Erectile dysfunction (ED) can be a significant problem for men and their partners. Sure, when TV commercials advertise ED medications, it seems easy to laugh. Yet, when it's you or your partner, it is no laughing matter. ED can affect your self-image, self-confidence, your overall feeling of well-being, and relationships. When people rack their brains for answers behind their particular case of ED, it is easy to skip over endocrine disorders. However, too much or too little thyroid hormone may be just the thing that's killing your intimacy.
Erectile dysfunction is when a male has difficulty getting or maintaining an erection that is firm enough for intercourse. It is the most commonly experienced sex problem in men and affects more than 30 million men. It is normal to experience difficulty getting an erection now and then. However, if it starts becoming more frequent or worsens, it is not normal and requires further investigation with your doctor. Additionally, ED tends to become more prevalent as men get older.
Sexual arousal is a highly complex process that involves your brain, emotions, hormones, peripheral nervous system, muscles, and blood vessels. Several things can interfere with the male sexual response, including:
Sometimes, the cause of ED is straightforward. However, defining the cause of your ED typically requires a process of elimination.
The thyroid, an endocrine gland, is likely not the first thing that comes to mind when it comes to ED. Yet, some research indicates that endocrine disorders, such as low testosterone, diabetes, hypogonadism, and thyroid dysfunction, could be behind 2-23% of all cases.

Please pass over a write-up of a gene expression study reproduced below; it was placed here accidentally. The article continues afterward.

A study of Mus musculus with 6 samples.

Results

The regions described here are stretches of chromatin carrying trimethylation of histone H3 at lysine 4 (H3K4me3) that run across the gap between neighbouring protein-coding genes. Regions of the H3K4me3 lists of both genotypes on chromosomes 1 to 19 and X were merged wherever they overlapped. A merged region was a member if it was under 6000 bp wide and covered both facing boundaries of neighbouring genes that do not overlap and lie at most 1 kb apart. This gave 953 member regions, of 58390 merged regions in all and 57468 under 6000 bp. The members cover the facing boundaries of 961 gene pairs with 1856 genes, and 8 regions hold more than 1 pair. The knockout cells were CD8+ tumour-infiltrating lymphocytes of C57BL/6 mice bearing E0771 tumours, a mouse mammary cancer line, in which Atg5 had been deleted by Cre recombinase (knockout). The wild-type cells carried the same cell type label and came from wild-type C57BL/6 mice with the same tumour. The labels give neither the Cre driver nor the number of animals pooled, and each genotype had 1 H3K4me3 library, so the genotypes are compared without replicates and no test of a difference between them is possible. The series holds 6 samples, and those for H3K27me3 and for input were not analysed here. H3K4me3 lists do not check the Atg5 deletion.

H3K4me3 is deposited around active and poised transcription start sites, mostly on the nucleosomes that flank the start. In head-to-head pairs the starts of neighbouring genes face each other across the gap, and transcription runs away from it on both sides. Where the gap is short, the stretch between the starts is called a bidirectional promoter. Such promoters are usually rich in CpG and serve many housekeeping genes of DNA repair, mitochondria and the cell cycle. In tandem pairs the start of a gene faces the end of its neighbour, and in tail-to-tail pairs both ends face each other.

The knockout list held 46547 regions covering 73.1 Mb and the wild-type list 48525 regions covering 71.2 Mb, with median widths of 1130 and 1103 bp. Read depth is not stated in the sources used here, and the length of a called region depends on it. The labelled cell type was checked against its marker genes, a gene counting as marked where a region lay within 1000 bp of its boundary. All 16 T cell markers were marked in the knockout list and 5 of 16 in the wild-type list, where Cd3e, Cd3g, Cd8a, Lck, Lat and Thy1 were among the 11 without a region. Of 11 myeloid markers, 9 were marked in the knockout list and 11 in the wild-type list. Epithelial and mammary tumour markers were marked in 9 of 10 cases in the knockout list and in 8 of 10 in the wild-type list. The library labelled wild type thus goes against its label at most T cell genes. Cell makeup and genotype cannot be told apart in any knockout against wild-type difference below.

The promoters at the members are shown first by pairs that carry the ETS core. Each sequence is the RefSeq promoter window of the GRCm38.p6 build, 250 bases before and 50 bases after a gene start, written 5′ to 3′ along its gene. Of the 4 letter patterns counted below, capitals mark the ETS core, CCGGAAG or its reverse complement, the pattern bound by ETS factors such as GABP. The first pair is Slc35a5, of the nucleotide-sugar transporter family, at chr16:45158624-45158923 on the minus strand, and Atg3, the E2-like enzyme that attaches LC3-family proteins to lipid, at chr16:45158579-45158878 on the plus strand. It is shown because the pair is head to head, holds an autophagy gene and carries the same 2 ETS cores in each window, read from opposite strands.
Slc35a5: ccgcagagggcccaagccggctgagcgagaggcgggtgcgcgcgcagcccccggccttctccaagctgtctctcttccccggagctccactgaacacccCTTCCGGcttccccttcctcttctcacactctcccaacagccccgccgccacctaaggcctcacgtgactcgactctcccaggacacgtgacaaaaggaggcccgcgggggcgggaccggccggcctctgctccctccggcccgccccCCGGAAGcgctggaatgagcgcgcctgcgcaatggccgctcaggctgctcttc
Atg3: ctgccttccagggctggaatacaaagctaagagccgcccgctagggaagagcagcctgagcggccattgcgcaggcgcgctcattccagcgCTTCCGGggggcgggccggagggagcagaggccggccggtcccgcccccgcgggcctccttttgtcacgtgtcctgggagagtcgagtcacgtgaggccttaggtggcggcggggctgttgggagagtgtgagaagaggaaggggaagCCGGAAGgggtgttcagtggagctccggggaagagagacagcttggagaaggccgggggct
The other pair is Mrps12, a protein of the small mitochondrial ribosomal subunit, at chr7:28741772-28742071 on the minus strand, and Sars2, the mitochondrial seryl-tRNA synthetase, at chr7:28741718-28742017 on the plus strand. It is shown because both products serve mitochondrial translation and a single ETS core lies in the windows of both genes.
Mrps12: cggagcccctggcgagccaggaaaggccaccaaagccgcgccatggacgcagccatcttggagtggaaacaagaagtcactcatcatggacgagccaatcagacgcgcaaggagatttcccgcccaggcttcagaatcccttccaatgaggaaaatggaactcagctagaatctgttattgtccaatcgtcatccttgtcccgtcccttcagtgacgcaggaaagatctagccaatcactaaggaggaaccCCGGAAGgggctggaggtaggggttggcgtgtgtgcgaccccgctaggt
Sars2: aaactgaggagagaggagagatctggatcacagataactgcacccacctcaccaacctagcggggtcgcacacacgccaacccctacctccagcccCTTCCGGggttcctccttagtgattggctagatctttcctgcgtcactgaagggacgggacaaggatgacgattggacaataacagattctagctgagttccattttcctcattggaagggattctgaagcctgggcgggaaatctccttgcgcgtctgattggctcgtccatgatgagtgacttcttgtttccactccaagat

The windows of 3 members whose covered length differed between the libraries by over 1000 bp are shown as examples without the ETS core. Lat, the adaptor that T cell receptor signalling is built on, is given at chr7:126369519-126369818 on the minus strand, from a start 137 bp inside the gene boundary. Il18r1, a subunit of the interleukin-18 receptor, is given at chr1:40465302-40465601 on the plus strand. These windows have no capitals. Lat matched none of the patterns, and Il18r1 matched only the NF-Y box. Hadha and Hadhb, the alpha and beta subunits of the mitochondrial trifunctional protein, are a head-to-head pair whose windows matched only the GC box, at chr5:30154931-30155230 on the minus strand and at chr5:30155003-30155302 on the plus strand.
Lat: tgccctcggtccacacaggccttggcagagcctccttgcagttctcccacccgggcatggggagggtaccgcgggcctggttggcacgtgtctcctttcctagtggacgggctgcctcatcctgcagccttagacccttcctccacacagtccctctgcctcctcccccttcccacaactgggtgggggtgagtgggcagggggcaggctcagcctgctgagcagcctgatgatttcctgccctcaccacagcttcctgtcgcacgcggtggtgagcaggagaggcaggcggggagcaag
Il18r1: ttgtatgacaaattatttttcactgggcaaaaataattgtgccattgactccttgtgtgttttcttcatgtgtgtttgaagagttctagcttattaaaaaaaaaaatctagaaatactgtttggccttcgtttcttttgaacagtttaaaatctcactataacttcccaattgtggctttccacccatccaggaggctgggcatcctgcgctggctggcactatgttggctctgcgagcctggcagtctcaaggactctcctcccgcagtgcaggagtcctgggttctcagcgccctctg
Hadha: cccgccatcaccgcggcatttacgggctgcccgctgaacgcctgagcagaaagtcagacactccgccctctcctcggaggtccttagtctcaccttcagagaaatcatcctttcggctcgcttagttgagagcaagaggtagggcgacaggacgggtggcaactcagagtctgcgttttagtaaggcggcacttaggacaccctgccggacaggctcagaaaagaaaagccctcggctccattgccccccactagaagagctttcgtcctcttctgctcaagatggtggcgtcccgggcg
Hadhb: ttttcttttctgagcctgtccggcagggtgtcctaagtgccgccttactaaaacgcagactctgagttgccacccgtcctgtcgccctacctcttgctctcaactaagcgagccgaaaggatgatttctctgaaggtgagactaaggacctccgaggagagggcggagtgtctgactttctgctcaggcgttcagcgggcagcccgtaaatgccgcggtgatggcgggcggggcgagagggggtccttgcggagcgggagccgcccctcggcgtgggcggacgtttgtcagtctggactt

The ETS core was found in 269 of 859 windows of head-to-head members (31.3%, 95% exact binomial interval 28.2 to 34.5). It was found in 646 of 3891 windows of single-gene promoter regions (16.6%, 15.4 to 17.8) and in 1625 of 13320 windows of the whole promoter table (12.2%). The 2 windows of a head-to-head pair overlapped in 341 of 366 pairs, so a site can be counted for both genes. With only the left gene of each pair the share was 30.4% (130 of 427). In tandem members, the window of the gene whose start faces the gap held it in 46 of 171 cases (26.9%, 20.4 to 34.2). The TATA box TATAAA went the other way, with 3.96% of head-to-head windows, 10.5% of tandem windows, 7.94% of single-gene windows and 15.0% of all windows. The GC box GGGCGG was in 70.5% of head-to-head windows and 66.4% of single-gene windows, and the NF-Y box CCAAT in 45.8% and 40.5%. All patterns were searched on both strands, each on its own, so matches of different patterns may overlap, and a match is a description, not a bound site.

Hypothyroidism is one of the most common endocrine disorders in both men and women. In this condition, the thyroid makes too little thyroid hormone to support the body's metabolic needs. Literature reviews suggest that low thyroid hormone contributes to 6% of all ED cases. One study finds that 79% of men with thyroid problems have some degree of ED, and most cases were in men with hypothyroidism compared to hyperthyroidism.
We know that hypothyroidism can lead to several symptoms that may interfere with sexual response, including:
Understandably, many of these symptoms can impact sexual desire and the ability to achieve and maintain an erection. Yet, experts are still not sure of the mechanical relationship between thyroid hormones and sexual response.
If you’re worried about your inability to get or keep an erection, you can take a thyroid blood test to understand how your thyroid is functioning. Many labs only look at thyroid-stimulating hormone (TSH). Still, it’s critical to also measure free triiodothyronine (fT3), free thyroxine (fT4), and TPO antibodies. These four markers help you understand the big picture of what’s happening with your thyroid function, and where specifically to make improvements.
Should your results show that your thyroid is underactive, it is treatable in almost everyone. Optimizing your thyroid levels with thyroid hormone replacement medication is usually the first step in minimizing symptoms like erectile dysfunction, low libido, or depression. When choosing thyroid medication with your doctor, remember that there is no one-size-fits-all treatment.
Work with a trustworthy thyroid doctor who can assess your symptoms, history, and lab results to determine the best treatment plan for you.
Even though thyroid medication may be an effective solution for ED in men with hypothyroidism, many other factors may be causing your ED. Thus, it is essential to see your doctor and bring a complete list of your medications, medical history, and family history. The more information you can give your doctor, the better your chance is to discover the root cause of your erectile dysfunction.